Ford Takes Massive Leap In The EV Race

Electric Vehicles / 9 Comments

There won't be a battery shortage for the Ford F-150 Lightning, or any other EV.

The Ford F-150 Lightning may be stealing headlines right now, but Ford has made yet another massive stride as far as its EV plans are concerned. Ford and battery maker SK Innovation have signed a memo of understanding for a joint venture to produce batteries in the US. To be called BlueOvalSK, the venture will produce approximately 60 GWh annually to start with the potential to expand. This is all part of its $22 billion investment in green tech by 2025. Ford notes that "the creation of the JV is subject to definitive agreements, regulatory approvals and other conditions."

Ford expects to need 140 GWh of battery cell capacity by 2030 in North America alone and an additional 100 GWh for the rest of its global markets including Europe and China.

The Blue Oval says it wants to play to its strengths, targeting aspirational customers and commercial segments. It wants to amplify things its customers love, leverage its huge scale in the BEV market, and "develop an ecosystem that makes the transitions to BEV lifestyle easier for commercial and retail customers."


SKI already operates a plant in Georgia and hopes to become one of the world's top three battery producers by 2025 with more than 125 GWh of capacity. It specializes in the development of batteries that use nickel - an easier, safer, and less flammable component than lithium. It works better too, which is why the F-150 Lightning's batteries will use the element. "The higher the nickel content, the higher the density, which means more power and longer range," said Kim Jun, SK Innovation CEO and President.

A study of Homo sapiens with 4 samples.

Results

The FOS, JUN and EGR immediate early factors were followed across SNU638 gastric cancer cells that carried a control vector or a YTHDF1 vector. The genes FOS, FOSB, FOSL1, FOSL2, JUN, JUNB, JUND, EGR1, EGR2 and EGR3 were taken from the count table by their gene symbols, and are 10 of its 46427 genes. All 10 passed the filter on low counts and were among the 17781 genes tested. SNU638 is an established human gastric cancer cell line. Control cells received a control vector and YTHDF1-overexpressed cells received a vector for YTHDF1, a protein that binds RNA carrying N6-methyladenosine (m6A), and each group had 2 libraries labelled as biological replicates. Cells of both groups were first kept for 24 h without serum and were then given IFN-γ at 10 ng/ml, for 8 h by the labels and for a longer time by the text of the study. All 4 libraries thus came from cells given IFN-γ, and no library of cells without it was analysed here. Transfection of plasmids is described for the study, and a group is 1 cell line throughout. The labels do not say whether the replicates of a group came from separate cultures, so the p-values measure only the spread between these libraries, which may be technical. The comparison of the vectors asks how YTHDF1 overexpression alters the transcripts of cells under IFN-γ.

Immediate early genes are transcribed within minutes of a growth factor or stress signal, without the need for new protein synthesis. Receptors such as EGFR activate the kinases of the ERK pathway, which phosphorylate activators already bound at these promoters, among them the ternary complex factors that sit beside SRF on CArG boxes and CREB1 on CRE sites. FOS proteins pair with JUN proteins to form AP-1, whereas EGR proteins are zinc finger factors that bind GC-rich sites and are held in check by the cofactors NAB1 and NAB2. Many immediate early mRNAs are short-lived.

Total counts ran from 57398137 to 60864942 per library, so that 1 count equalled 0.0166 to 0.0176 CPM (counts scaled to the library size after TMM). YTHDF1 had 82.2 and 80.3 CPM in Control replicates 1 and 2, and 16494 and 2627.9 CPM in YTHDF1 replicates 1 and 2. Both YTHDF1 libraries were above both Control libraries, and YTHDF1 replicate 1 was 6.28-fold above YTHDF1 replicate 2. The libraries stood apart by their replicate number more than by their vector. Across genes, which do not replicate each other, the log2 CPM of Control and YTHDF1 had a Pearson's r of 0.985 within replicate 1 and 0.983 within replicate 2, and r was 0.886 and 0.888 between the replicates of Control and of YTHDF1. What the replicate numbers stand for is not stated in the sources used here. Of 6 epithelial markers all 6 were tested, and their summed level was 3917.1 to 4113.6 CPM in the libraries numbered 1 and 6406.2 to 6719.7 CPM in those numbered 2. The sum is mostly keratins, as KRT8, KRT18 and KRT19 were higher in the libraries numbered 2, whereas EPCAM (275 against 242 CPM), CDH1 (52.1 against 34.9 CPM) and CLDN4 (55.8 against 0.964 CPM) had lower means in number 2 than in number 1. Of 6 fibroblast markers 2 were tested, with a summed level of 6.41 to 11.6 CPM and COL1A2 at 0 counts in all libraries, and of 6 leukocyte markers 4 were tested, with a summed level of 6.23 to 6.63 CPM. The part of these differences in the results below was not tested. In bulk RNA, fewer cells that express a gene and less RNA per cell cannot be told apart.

Of SKI's supply of batteries for the Lightning, Jee Dong-seob, head of SK Innovation's battery business said, "We are thrilled to be supporting the electrification of a vehicle that represents the very best of American automaking."


This announcement builds on previous news from the Blue Oval. Last month it said it would begin building its own battery cells, in addition to creating the Ford Ion Park battery lab, and a few weeks ago it increased its investment in Solid Power, a solid-state battery company looking to ease the transitions into the next generation of batteries. The important part of Solid Power's process is that factories like Ford can use 70 percent of its existing production tools.

Ford says the new deal with SKI will also help make its battery supply chain more ethical, which we know is an ongoing issue. To that end, it launched a Partnership for a Cleaner Environment (PACE) to reduce suppliers' environmental footprints and offer training in responsible business practices. Ford is also a member of the Electronic Industry Citizenship Coalition, a non-profit of tech companies dedicated to improving the social, environmental, and ethical conditions of the global supply chain. And finally, it is participating in a pilot program with Huayou Cobalt, IBM, LG, and RCS Global to create an industrywide network to trace and validate ethically sourced materials.


A few years ago, when Ford was talking Mustang Mach-E, it said it was not going to build its own batteries. Since then, it has two more BEVs in production, and Hau Thai-Tang, chief product platform and operations officer for Ford, explained the change in strategy:

"We've always thought about this as where we are on the early adopter curve. With the Mustang we bought them, but when we move to early majority with the Lightning and E-Transit, we now have sufficient volume to justify the investment. It gives us the ability to secure supply that potentially could become constrained. It gives us the ability to gain expertise around chemistry process and value chain" and "work directly with the supply chain," Thai-Tang said.

Ford declined to comment on where the new plants would be and whether they will be unionized, but did confirm its first two plants, with 60 GWh of capacity, would be somewhere in North America.

"This memo is just the start; it's a key part of our plan to vertically integrate key capabilities that will differentiate Ford far into the future," said Jim Farley, Ford president and CEO. "We will not cede our future to anyone else."